Save The Children Says Frontline Health Worker Investments Paying Off — but Also at Risk
Maria, 30 years old, is pregnant with her seventh child. She is holding her daughter Zoiqa, 1,5 years old, while at the district hospital in Aqcha district in Northern Afghanistan. Photo credit: Mats Lignell/Save the Children.
Tanya Weinberg 202.640.6647 (O), 202.247.6610 (M)
WESTPORT, Conn. (Nov. 30, 2011) — Save the Children welcomed a new Afghan government mortality survey Wednesday that indicates dramatic drops in the country's child and maternal mortality rates in recent years.
The Afghan government conducted the most extensive national mortality survey to date with input from United Nations agencies and the U.S. Agency for International Development. When compared to the best previously available surveys, the new report indicates that:
- The rate of children dying before age 5 has dropped from one in five to about one in ten
- Lifetime risk of maternal mortality has dropped from one in 11 to one in 50
"Today, many more Afghan mothers and children are surviving birth and the early years thanks to focused efforts to extend the reach of very basic health services. There's no doubt that the rising numbers of frontline health workers and health clinics are saving lives," said Mary Beth Powers, who leads Save the Children's newborn and child survival campaign.
Improvement in What Has Been the "World's Worst Place to Be a Mother"
For the past two years, Save the Children had ranked Afghanistan as the world's worst place to be a mother in its annual State of the World's Mothers report — due in large part to it having the highest known child and mortality rates in the world. Save the Children attributes new progress to bringing more frontline health workers and services to communities where health care access and awareness was lacking, including current totals of approximately:
- 22,000 trained community health workers, up from 2,500 in 2004
- 3,000 trained midwives, up from under 500 in 2003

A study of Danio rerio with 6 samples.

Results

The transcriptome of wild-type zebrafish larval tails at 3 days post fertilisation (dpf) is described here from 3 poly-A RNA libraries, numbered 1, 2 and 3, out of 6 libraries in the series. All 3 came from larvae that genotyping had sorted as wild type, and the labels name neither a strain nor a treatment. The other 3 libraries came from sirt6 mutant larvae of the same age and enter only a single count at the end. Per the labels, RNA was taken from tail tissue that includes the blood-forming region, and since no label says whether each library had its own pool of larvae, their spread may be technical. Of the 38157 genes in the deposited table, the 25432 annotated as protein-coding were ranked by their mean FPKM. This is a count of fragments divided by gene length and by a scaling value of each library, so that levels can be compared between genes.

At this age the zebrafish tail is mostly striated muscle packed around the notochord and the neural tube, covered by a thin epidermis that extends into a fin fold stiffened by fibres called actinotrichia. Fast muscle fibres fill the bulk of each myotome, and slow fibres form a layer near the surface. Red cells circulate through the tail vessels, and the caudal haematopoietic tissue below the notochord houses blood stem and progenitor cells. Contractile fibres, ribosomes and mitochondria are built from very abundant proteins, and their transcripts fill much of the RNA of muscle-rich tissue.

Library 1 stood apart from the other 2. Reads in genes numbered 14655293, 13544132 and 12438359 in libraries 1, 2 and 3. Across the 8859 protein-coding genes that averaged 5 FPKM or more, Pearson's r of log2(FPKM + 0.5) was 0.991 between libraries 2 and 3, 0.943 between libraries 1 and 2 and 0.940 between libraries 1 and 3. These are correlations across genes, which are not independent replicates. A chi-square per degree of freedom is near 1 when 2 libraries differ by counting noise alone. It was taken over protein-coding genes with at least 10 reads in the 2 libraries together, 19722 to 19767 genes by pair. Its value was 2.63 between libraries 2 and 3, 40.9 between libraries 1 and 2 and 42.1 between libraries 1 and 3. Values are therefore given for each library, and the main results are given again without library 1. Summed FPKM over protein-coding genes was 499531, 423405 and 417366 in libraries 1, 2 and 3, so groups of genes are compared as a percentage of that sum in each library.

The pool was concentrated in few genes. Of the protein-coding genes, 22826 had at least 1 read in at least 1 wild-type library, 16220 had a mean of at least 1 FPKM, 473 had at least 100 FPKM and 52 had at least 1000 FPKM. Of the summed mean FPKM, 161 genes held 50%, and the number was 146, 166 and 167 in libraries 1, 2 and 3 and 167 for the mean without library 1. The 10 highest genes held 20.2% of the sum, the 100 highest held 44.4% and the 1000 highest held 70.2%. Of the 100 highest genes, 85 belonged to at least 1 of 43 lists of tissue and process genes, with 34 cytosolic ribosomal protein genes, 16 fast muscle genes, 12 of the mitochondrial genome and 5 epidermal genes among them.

- 2,000 health facilities
Save the Children runs a midwifery school in northern Afghanistan funded by the U.S. government and individual Americans. The agency has also trained many of the Afghan government's new community health workers to provide vaccines and prevent and treat leading child killers pneumonia and diarrhea in communities that, a decade ago, had little or no access to health care.
Further Health Progress Needed, But at Risk
The new report points out that over the past decade, many more Afghan women have gained access to prenatal care and skilled attendance at birth. But access remains a significant hurdle for many others. For instance, the new survey found that only 26 percent of rural women delivered with a medically skilled provider, compared to 71 percent of urban women.
"Mothers and children should not and need not die from preventable causes no matter where they are and there is still much work to be done in Afghanistan. But the progress we're seeing there is very much at risk if the United States and other international donors pull back their support now," said Powers.
The U.S. Congress is currently considering major cuts to foreign assistance in Afghanistan and elsewhere.
To learn more about frontline health workers reducing child mortality around the world and how to support them, visit www.GoodGoes.org.